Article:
True Confession: I didn’t keep my New Year’s resolutions.
In January of 2015 I declared publicly (to all of you, in class) that this year would be the year that I would finally get serious about learning to speak French and finally actually learn to play the guitar that’s been gathering dust in the corner for three five years. I want to converse with my grandmother in her native tongue. I want to start a band with my boo, who’s also a proud Louisianian and a proficient Cajun fiddler. But I didn’t do any of those things.
I planned to write this to tell you all the things I accomplished this year instead of learning to speak French and play guitar. I did A LOT of things this year. So many things, very few of which that were music or language related. I thought I would give you all the reasons and excuses that I didn’t meet my goals. I imagined you reading this list of accomplishments and forgiving me for not also becoming D.L. Menard this year. I imagined you accepting me despite not reaching my goals (yet). I imagined you smiling and thinking, “Well, she’s only human.”
But when I sat down to type all those things out, and I imagined you being sweet and understanding towards me, I realized that I didn’t feel that way about myself. I still feel bad about not living up to my own expectations, even though the reasons I didn’t are all perfectly reasonable and totally valid. I have been quietly berating myself for all the ways I continue to see myself as a failure, a fuck-up, and an impostor. Despite knowing better intellectually, emotionally I still hold fast to these two crippling thoughts (via Brene Brown): “You’re never good enough” and “Who do you think you are?”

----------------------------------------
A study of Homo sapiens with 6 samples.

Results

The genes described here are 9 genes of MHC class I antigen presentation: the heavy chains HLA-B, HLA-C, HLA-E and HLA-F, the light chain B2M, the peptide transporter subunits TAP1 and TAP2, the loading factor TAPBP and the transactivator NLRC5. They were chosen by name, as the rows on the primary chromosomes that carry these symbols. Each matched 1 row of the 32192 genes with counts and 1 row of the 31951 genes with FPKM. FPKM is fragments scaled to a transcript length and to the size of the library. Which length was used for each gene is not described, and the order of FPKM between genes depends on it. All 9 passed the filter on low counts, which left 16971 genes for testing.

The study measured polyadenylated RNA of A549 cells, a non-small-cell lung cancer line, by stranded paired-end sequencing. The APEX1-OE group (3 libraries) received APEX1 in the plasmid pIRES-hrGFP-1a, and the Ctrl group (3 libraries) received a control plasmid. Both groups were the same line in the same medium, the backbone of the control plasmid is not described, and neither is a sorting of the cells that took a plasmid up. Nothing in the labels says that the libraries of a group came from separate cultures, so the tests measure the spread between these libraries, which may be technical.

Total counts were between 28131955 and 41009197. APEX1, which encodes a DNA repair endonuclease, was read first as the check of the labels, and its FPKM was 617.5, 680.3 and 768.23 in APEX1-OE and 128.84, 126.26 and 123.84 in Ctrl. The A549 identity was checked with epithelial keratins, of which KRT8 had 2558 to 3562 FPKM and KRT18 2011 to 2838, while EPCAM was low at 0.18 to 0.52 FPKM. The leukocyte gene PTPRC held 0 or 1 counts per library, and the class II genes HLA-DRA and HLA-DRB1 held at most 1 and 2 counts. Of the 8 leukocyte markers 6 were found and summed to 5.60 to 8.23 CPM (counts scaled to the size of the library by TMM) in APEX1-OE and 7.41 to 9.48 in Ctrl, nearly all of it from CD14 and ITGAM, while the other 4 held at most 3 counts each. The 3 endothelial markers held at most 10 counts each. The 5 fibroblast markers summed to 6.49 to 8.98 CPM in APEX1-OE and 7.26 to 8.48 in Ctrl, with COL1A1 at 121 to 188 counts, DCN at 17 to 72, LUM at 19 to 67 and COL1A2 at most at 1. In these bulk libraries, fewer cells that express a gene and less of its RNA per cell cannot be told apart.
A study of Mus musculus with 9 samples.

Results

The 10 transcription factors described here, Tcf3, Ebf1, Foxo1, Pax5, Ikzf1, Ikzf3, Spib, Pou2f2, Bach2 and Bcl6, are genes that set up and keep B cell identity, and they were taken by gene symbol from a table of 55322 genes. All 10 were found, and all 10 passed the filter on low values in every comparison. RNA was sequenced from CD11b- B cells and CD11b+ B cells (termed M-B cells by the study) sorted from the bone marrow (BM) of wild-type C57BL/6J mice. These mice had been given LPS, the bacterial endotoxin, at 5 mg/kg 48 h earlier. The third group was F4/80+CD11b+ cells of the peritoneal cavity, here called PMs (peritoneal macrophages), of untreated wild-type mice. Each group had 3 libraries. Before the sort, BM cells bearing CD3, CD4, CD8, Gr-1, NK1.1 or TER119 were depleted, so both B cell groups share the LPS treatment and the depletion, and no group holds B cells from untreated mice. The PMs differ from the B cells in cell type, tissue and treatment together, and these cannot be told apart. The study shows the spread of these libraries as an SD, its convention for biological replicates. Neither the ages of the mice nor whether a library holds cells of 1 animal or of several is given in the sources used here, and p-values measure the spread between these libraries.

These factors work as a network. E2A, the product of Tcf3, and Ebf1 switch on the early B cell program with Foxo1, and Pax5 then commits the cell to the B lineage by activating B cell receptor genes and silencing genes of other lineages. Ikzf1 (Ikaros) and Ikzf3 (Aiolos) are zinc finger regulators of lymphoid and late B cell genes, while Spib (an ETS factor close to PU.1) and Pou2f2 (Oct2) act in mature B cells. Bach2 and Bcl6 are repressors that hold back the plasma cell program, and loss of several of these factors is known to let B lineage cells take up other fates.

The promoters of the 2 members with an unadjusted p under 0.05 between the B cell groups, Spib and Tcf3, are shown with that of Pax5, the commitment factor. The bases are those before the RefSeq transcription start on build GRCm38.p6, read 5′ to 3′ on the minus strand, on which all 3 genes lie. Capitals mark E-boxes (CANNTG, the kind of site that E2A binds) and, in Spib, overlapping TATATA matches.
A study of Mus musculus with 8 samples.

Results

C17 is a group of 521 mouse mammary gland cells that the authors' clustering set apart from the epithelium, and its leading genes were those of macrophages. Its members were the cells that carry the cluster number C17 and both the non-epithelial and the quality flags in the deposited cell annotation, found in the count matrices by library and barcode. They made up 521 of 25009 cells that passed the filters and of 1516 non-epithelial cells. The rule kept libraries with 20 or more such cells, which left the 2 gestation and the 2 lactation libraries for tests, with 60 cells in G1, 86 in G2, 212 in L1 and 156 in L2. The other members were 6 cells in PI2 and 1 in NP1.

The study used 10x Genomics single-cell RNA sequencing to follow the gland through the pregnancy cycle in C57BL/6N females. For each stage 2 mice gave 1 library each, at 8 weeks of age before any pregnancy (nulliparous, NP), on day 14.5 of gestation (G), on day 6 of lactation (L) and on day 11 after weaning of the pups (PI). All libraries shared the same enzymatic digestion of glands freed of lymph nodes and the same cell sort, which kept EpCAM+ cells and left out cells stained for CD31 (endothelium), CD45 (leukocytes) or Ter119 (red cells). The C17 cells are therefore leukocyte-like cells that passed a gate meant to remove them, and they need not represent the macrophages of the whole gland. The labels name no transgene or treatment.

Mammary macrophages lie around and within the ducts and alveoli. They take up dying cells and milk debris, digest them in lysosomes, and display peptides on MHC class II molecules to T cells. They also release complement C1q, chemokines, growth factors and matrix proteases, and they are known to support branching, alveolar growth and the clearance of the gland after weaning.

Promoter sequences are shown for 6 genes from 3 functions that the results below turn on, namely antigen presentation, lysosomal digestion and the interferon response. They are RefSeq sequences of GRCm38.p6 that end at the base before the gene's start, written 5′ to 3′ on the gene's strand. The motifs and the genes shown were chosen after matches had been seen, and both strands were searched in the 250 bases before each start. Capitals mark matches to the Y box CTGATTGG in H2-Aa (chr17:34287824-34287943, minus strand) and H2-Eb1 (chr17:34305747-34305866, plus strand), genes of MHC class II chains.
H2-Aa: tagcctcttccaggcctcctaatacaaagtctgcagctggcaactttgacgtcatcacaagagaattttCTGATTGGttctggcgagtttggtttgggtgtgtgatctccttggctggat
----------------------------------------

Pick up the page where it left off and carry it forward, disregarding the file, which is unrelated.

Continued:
It pains me to write this. It feels scary and vulnerable and exposed. I want to imagine that I’ve evolved beyond this, that somehow all the years of yoga and meditation and inquiry and therapy have healed me, that I’m done with this work, or at least, done enough to pretend. But I’m not, and truthfully, I don’t think any of us ever are.
So my resolution for 2016 is simple: Be kind to myself. Be kind when I succeed. Be kind when I fail. Be kind when I fail again. And again. And again. Be kind to myself when I’m kicking butt and taking names, and when it’s all I can do to get dressed and head out into the world. Kindness when I’m put together, and kindness when I’m falling apart. Kindness in English et en Francais. Kindness regardless. Kindness unconditionally. Kindness without reservation.
Much love in this New Year,
P.S. Want more compassion for yourself in all your pursuits this year? There are still a few spots left for Heartspark, but registration is closing soon, so sign up now! I guarantee a vulnerability hangover at least as good as the one I’ll have from writing this post.